Each time a U.S. presidential election approaches, we visit again with clients about our views regarding the impact of elections on our investment outlook and portfolio positioning. Here is a quick review of how we think about elections in general within the context of our overall investment approach.
Why We Don’t Market-Time Elections
While the specific circumstances of any given election are always unique, our approach remains the same. We recognize that to the extent a particular election outcome is widely expected (based on strong, consistent polling data), current financial asset prices should already reflect that market consensus. Public information related to the election is already discounted in the markets in real time.
For us to believe there is a reason to change our overall portfolio positioning stemming from a particular election outcome, several things would have to be true. We’d need to believe that we have an edge and high conviction in our ability to assess the likely outcome better than the market consensus. Our view would also have to be materially different from the consensus view. And we’d need to have conviction that our divergent election view would clearly translate into a specific investment outcome. However, history tells us that the correlation between an election outcome and a market impact is not always clear. The 2016 presidential election was a perfect example of this, with stocks initially plunging in reaction to the surprising outcome and then soaring all within the first week.
There is too much uncertainty and too many non-election variables that impact investment outcomes over time for us to see any likely value in positioning our portfolios for a particular election result. Even if we had a higher degree of certainty as to both the outcome and the policies that would be implemented, the ultimate economic effects and outcomes would still be highly uncertain. Macroeconomics is far from a hard science. There is a multitude of other factors and variables that impact economic and financial market outcomes.
Market Performance Around Elections
Election years have sometimes led to downside volatility for the stock market, especially when incumbents lose. However, markets typically rebound strongly from any declines around elections the following year. This supports our point that for any investor with a time horizon longer than a year or two, elections do not have a meaningful or long-lasting effect on investment performance. It will generally pay off to look beyond the election at the other drivers of markets and even potentially to take advantage of election-year declines.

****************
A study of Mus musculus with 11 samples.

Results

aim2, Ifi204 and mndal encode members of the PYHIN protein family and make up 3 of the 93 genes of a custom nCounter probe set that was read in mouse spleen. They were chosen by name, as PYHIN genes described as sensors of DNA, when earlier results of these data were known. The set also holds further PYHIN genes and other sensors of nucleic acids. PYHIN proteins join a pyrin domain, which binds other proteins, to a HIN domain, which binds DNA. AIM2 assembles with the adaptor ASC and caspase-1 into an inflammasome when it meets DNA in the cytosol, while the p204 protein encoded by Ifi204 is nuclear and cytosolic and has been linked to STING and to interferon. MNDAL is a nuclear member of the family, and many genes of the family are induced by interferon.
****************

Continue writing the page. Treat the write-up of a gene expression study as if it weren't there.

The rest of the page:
Fundamentals Drive Long-Term Investment Outcomes, Regardless of the Party in Power
Instead of betting on election results, we stick to our longer-term analytical framework, in which we consider and weigh multiple macro scenarios, and assess the potential risks and returns for numerous asset classes and investments in each scenario. As investors, we expect to experience market volatility and shorter-term downside risk at times. Stock market history makes this clear. The degree will depend on the portfolio’s risk profile and the corresponding risk exposure. Experiencing volatility is a necessary evil of owning stocks and other higher-returning “risk assets.” They wouldn’t be considered risky otherwise!
Finally, history shows that the political party in power is not a significant differentiator or driver of investment returns. There are simply too many other factors, variables, and events beyond election outcomes that impact markets and asset prices over time.
- We are not willing to bet on a particular election result relative to the odds that are already embedded in current market prices.
- There is a wide range of potential macro outcomes around either election result.
- There are many factors unrelated to the election results and out of U.S. politicians’ control that are likely to have at least as meaningful an impact on the course of the global economy and financial markets over the next several years.
- Investors who choose to sell out based on political posturing need to find a way to reinvest at some point, and they typically “shoot themselves in the foot” by being out of a rising market at the wrong time.
Ron Dickinson, CFP®, CPA, MPA-Tax
[Financial Planning and Investment Management Services offered through Dickinson Investment Advisors, Registered Investment Advisor. Statistics and market information provided by Litman Gregory Advisor Intelligence.]